Thursday, December 10, 2015

Prayer shaming - never thought of it that way.

Shortly after the San Bernardino shootings, MSM and social media lit up with hit pieces upon those who say, "Our thoughts and prayers are with you."  Calling out such responses as cliche, critics taunt those who say such things with, "Your prayers aren't working - God isn't fixing this."

Catholics, already weary from Papal shaming they claim is coming from Pope Francis, rushed to the defense of prayer and railed against the bloodless persecution of 'prayer shaming'.  Apparently some sort of action alert went out, and the call was heard by members of the Catholic defenders league and faithful remnant bloggers to defend the practice of prayer.

The criticism isn't new.  Secularists and nonbelievers, along with enemies of religion have always taunted believers.  The psalms are full of laments over it ... My tears have become my bread,by night, by day, as I hear it said all the day long: "Where is your God?"  ... You make us the taunt of our neighbors,the laughing stock of all who are near  ... When I afflict my soul with fasting they make it a taunt against me.  When I put on sackcloth and mourning then they make me a byword,  the gossip of men at the gates, the subject of drunkard's songs.

Nearly every psalm talks about the taunts suffered by the man of God.  Christ himself bore these taunts.  I don't know what Christians expect?  Rewards?  Praise?

We do it to one another as well as to those who are not religious.  How many Christians mocked those who sang John Lennon's "Imagine" after the Paris attacks?  Those who placed flowers and candles and notes?

People mock the Pope and the bishops, as well as the Year of Mercy.  They say the Pope is mean and offers only insults to the faithful.  So many feel abused, and return the abuse, condemning one another.  It's no wonder the world scorns and derides us.

The climate-change in the attitudes of religious people reminds me of growing up in an abusive home; fighting parents, bullying siblings, hostile to religious practice.  As one who grew up in such a hostile environment, and experiencing so much 'shaming' even from people outside the home, I'm kind of accustomed to this sort of treatment.  My sister used to say, 'if God is so good, then why are you so screwed up?'  My mother called me a hypocrite every time I did something wrong, 'you run to church for Mass and come back worse than before.'  My dad and brother were worse.  Even the priests and school sisters were mean and said I prayed too much or was just pretending to pray, or 'you'll never amount to anything.'  LOL!  Sounds like a bad movie, Ive replayed too many times on this blog before - the general conclusion seemed to be: Prayer isn't working - God's not fixing you.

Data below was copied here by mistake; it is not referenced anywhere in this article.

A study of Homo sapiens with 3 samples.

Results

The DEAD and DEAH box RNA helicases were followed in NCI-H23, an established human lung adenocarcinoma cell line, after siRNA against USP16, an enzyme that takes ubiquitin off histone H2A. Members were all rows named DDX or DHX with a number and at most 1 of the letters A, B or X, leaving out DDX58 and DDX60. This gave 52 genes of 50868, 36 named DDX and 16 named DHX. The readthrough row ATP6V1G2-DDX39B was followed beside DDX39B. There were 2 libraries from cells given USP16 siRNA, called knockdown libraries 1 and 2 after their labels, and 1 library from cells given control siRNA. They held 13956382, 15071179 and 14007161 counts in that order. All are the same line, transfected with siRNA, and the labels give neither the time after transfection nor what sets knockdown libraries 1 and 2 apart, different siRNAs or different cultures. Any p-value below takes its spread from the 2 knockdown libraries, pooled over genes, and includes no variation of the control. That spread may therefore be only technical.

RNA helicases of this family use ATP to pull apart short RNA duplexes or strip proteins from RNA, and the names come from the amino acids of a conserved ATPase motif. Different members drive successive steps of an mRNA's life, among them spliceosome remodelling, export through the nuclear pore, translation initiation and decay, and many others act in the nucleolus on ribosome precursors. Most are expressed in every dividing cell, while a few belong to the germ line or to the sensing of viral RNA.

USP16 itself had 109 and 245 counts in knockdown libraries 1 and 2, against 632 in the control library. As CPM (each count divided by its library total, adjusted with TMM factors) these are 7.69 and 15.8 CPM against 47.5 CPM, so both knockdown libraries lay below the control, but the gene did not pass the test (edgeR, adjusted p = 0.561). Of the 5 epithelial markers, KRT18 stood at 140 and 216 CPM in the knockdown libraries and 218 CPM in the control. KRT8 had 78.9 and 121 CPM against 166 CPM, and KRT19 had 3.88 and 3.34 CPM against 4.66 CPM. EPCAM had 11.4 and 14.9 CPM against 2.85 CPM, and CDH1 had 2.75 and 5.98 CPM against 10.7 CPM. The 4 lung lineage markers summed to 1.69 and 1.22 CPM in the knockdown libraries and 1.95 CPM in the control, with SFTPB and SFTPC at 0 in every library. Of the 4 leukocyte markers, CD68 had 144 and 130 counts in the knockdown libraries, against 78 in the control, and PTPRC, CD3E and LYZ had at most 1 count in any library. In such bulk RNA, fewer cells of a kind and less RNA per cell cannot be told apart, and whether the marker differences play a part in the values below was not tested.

We often tell others the same thing.   People say that to lost causes - like some alcoholic or drug addict who continues to relapse, or a gay person who sees no hope for change, we call them hopeless cases and say, God's not fixing this.

Welcome to the real world.

I probably should have kept my mouth shut.

Oh yes Sister, I know I'll never amount to anything,
my dad already told me that.


  1. Jesus didn't come to take away our suffering - he came to transform it. That's why the best prayer is always: Lord, I love you, help me to know your will and give me the strength to carry it out. Amen.

    1. Amen and thank you. I have to make an extra effort to pray for those whom I dislike and I always ask for the grace to pray for the enemies of God whoever they may be.

      Terry, please do not stay quiet. Share your thoughts as they do help many of us.

    2. What Yaya said!

  2. I don't know if it was "prayer shaming," as much as God helps those who help themselves. Yes, we prayer for the dead and their families in a horrible time like this, and yes, we should pray for the violence to stop but God put us on earth and gave us free will and a brain so we can figure this out, along with hopefully his help.

    I think people are just sick of it and the comments I saw were geared more towards people like Paul Ryan and other politicos who say that and then may turn around and vote "against," refusing suspected terrorists of owning guns,..(which to me seems a no brainer and I am not a gun control nut either.)

    I think it was geared more towards "inaction" then against prayer.

  3. If it was not a blanket slap at all who were offering prayers, they did not make it clear at all.